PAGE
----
Salads are the perfect solution for people who like to give free rein to their imagination when cooking. Who says only vegetables go with vegetables? Citrus fruit, strawberries, pears, star fruit, apples and grapes can add a touch of freshness and colour to tossed greens. Bored with ho-hum salads? Mix in bean sprouts, celeriac, avocado, endives, grated zucchini. For a complete meal, include eggs, cheese, nuts, chicken or another protein food in your salad.

Choosing your lettuce

The lettuce family offers a wide variety of colours, flavours and textures, allowing you to constantly reinvent your salads. Certain lettuces have more character and taste than others.

  • Leaf lettuce has ruffled leaves and is delicious with garlic croutons and bacon morsels.
  • Iceberg lettuce has crunchy firm leaves that are tender close to the heart. Yummy in a burger or to add fresh crunch to a salad.
  • Romaine lettuce is a staple of the Caesar salad thanks to its crispy texture.
  • Mesclun is a mix of tender young salad greens, such as escarole, frisée, mache, chervil, radicchio, dandelion greens, oak leaf, purslane, fresh herbs, and other salad greens. These very tasty greens are wonderful with goat cheese croutons, bacon, or warm chicken livers.
  • Butter lettuce or Boston lettuce have tender leaves with a delicate taste, and it is best served with fruity or mild vinaigrettes.

Leaf vegetables

Another great way to add variety to your salads: arugula, Swiss chard, baby spinach, sorrel, dandelion greens, mache and watercress.

  • Arugula is marvelous with mild cheeses and caramelized fruit, like sautéed pears with pine nuts.
  • Watercress, with its small round leaves and very slightly bitter and peppery taste, is a great match for radishes and cucumber.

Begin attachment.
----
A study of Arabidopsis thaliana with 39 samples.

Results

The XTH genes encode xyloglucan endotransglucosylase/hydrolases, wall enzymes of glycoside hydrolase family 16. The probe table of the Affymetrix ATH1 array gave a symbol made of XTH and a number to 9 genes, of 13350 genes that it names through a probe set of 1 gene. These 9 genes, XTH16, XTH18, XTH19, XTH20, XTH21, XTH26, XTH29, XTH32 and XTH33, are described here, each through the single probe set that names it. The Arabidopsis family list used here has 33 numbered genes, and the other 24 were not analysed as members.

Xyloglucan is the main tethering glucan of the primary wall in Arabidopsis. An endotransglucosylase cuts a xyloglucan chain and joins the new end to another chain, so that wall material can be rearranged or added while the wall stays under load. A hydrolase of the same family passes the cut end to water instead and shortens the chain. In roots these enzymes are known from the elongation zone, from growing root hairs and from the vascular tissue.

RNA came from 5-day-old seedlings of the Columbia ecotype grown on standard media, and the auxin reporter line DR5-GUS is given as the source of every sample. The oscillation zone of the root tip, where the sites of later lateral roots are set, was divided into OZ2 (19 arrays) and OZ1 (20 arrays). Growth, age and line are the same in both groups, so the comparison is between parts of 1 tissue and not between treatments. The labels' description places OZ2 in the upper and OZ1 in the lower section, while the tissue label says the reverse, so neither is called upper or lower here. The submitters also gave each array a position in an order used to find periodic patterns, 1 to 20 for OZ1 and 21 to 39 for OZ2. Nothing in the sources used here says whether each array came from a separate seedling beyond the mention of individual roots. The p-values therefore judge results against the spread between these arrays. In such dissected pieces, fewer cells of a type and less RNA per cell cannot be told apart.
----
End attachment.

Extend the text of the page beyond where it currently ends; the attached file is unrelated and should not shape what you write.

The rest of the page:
• Mache has a very subtle flavour and tender texture. It's delicious on its own in a salad, or combined with other mild lettuces like Boston or Iceberg. Dress it with one of these vinaigrettes: orange juice, walnut oil and Xeres vinegar; olive oil, a few drops of toasted sesame oil and a little balsamic vinegar. Lovely with some grilled pumpkin seeds or pistachios.
  • Swiss chard is recognizable by its large leaves with a white or red spine. It will add a little punch to mild lettuces.

The Perfect Lunch: Salad in a Jar

The best way to pack salads in jars is to line the bottom with the heaviest and most non-absorbent ingredients along with the dressing. Then you can work your way up by adding the lighter ingredients until you end up with the salad greens on top. As long as your jar doesn't tip over you in your bag, the greens will be well-protected from the dressing until you're ready to eat.


Pour 1 to 4 tablespoons of your favourite salad dressing in the bottom of the jar.


Add any hard chopped vegetables you want to include in your salad, like carrots, cucumbers, red and green peppers, cooked beets, and fennel. Add beans, grains, proteins, and then you can add soft vegetables or fruits.


Fill the rest of the jar with salad greens. Use your hands to tear them into bite-sized pieces. It's fine to pack them into the jar fairly compactly.


Screw the lid on the jar and refrigerate for up to 5 days. When ready to eat, unscrew the lid and shake the salad into the bowl.

Have you ever tried grilled vegetables?

It’s another great way to jazz up a salad. Cut up some vegetables (zucchini, sweet peppers, corn, green onions), baste with a little olive oil, sprinkle with dried herbs and broil in the oven on a baking sheet or grill on the barbecue, turning once during cooking. Mix them into the salad or serve as a side dish.